The pitchers were rocking and rolling all night on Tuesday, though with a 10:10 a.m. MST start time Wednesday, will not have time to party every day. In The Land known for dueling guitar solos and “battle of the bands”, the Colorado Rockies and Cleveland Indians engaged in another pitcher’s duel.

The Indians won, 4-1, on Johnny Gomes’ three-run walk-off homer.

Just two pitches into the game, the only run the contest would see until the final frame was scored on a Charlie Blackmon home run. It was his 26th home run of the season, taking over the lead from Nolan Arenado for the team lead. Cleveland starter Corey Kluber would allow a single to DJ LeMahieu right after, but then went on to retire the next 15 batters, allowing a grand total of three hits. He did not walk a batter and struck out 11, including getting the side in order to finish off his complete game.

Twenty-two-year-old German Marquez wouldn’t go as long, but for most of the night — with a little help from his defense — he was just as good.

Marquez allowed his first base runner with one out in the fourth inning. He worked ahead of Francisco Lindor but the star shortstop stayed off some tough breaking pitches to get himself back into a 3-2 count. Marquez’ fastball missed location by a few inches but still ended up in a good spot at the very top of the zone. Somehow, Lindor was able to get the barrel to the baseball and smash a line drive into right-center field that fell just shy of a home run as he settled for the double.

But Marquez was not shaken. He stared down the heart of the Cleveland order and kept dotting fastballs, sliders, and curves on the edges of the zone to induce some ugly swings and ultimately a pair of weak ground outs to second from Michael Brantley and Jose Ramirez to strand Lindor at third.

Colorado had a chance to add a run in the sixth when Raimel Tapia led off with a single to right, breaking a streak of 15 straight batters sat down by Kluber. Tapia then stole second on the very first pitch of Trevor Story’s at-bat, but the Rockies shortstop hit a fly ball to shallow right that wasn’t deep enough to advance the runner, then Blackmon struck out and LeMahieu grounded out to second to leave Tapia standing at second.

After Marquez got Yan Gomes to ground out to lead off the sixth, Jason Kipnis was given a free pass in the truest sense on a four-pitch walk. The Rockies rookie pitcher lost his command for a bit, issuing a second-straight walk to Lindor, the first time Cleveland had multiple base runners aboard in the game. But Marquez was bailed on on consecutive brilliant diving plays from first baseman Mark Reynolds. Reynolds stole what would have been a go-ahead double off the bat of Abraham Almonte on the first play and had to improvise on the second with Ramirez trying to slide away from a tag:

Manager Bud Black decided to send Marquez back out in the seventh but he suddenly looked exhausted in walking Edwin Encarnacion and he would have to give way to Chris Rusin. The Rockies swiss-army-reliever got the groundball he was looking for from Carlos Santana but LeMahieu uncharacteristically spiked the transfer throw, failing to complete the double play.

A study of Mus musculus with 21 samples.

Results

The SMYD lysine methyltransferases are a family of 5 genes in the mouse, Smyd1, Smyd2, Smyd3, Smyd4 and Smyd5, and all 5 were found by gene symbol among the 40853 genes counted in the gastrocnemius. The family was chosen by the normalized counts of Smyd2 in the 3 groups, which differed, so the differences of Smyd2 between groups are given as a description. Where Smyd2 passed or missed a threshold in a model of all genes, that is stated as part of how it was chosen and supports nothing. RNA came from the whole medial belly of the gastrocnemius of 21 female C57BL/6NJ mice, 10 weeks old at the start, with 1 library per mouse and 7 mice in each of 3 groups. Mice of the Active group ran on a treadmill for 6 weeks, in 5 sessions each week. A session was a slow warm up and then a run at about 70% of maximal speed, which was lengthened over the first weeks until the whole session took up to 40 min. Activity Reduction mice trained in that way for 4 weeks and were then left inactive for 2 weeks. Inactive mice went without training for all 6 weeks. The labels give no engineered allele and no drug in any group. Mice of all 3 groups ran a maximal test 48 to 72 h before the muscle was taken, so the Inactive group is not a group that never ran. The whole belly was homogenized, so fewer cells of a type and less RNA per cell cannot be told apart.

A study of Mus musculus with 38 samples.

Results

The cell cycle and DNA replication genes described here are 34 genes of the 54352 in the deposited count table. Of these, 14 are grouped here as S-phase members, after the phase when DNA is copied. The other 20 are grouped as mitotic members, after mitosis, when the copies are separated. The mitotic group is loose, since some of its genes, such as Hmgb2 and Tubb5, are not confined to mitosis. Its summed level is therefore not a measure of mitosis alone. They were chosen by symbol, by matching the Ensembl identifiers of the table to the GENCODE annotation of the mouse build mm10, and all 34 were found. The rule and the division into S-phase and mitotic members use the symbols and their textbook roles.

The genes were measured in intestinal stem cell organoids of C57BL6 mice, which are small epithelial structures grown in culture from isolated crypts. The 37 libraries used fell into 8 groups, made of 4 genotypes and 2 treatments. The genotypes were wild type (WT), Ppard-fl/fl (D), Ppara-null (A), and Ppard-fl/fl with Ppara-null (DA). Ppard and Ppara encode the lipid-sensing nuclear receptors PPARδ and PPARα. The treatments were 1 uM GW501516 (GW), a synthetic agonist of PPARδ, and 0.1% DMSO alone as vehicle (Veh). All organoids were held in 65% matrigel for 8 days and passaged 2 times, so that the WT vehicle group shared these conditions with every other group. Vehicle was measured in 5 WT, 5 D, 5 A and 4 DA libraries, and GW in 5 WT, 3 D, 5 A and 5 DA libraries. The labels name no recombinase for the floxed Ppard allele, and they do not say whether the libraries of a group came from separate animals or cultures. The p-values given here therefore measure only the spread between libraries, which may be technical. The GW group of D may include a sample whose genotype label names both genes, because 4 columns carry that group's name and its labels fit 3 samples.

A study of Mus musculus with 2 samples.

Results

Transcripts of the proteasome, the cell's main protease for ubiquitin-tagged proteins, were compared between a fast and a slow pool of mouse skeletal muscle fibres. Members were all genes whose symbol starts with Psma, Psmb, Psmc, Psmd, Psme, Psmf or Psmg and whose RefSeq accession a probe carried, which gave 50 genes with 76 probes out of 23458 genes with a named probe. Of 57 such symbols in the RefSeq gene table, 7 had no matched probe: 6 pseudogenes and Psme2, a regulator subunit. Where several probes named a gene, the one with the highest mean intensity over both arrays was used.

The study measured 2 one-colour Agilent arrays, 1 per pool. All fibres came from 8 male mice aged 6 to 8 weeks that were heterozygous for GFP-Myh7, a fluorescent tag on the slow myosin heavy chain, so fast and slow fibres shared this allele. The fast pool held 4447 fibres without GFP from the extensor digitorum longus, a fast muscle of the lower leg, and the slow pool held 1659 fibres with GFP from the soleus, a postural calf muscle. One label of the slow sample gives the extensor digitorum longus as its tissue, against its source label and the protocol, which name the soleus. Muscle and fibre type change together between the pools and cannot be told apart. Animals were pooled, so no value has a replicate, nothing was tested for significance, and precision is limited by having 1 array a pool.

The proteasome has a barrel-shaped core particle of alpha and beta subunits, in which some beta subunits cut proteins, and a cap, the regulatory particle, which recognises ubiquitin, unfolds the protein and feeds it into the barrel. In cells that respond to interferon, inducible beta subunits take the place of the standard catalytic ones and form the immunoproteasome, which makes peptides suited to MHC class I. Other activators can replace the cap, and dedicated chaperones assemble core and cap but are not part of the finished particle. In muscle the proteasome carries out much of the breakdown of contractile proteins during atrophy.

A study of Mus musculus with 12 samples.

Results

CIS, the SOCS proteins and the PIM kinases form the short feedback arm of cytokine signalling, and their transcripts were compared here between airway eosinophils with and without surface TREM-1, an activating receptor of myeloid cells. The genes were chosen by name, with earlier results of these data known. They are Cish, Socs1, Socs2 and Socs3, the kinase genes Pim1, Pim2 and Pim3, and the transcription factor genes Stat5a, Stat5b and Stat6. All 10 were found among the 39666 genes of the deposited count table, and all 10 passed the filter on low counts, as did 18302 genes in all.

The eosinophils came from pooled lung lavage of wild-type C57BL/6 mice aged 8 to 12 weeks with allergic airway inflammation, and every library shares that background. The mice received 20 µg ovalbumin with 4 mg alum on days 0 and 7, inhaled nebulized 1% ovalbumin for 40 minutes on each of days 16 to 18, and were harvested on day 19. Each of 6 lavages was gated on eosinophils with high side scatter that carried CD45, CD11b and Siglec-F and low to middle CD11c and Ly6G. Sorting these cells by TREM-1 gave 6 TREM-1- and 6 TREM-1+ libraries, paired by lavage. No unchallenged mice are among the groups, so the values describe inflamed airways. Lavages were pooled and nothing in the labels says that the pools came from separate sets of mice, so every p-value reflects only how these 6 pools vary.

Then Bradley Zimmer hit a pop up to the pitcher’s mound and failed to run to first. As of the publication of this article, it is unclear whether or not Rusin and Nolan Arenado purposefully decided to let the ball drop, but drop it did and Arenado quickly gunned the ball to second and LeMahieu fired to first for one of the most unlikely double plays you will ever see. That lowered Rusin’s ERA to 2.73 and gave him the NL-lead in innings pitched out of the bullpen. It also ended Marquez’ night on a bright note.

His final line: 6 IP, 2 H, 3 BB, 3 K. He threw 66 of 103 pitches for strikes. It was his sixth straight quality start.

Pat Neshek came on in the eighth and got Austin Jackson to fly out to center but narrowly missed fielding a comebacker up the middle that allowed Gomes to reach on a single. Neshek was replaced by Mike Dunn who gave up a single to Kipnis that bounced off the glove of LeMahieu’s sliding attempt at second, allowing Gomes to reach third. But Dunn, on the biggest pitch of the game, got Lindor to pop up a high-and-tight fastball on the infield. One batter later, Dunn retired Almonte on a grounder to short, preserving the shutout.

Kluber finished the ninth with another perfect inning. He tallied a 90 GameScore, but it looked as though he would be in line for the loss despite his dominance.

Two days and one game after blowing just his second save of the season, Greg Holland was called upon to carry the torch to the finish, trying to make the first swing of the game hold up. He lost a long battle to Encarnacion, ending in a walk, then struck out Santana and walked Zimmer to put the tying run in scoring position. After getting ahead of Jackson 0-2, Holland hung the slider just a little bit and it was looped into center just out of the reach of a diving Blackmon to tie the game and give the closer his second blown save in a row. One pitch later, Gomes took him deep for a three-run shot to walk-off the Rockies 4-1.

It was just the second time this season the Rockies lost when leading after eight and of course it comes in as many games.

Colorado dropped to 64-49 but will most likely maintain their lead in the Wild Card race because Arizona is playing the unbeatable Dodgers. Game tw0 (and the final game) of the series starts tomorrow at 10:10 MST. Antonio Senzatela makes his return to the rotation against Trevor Bauer.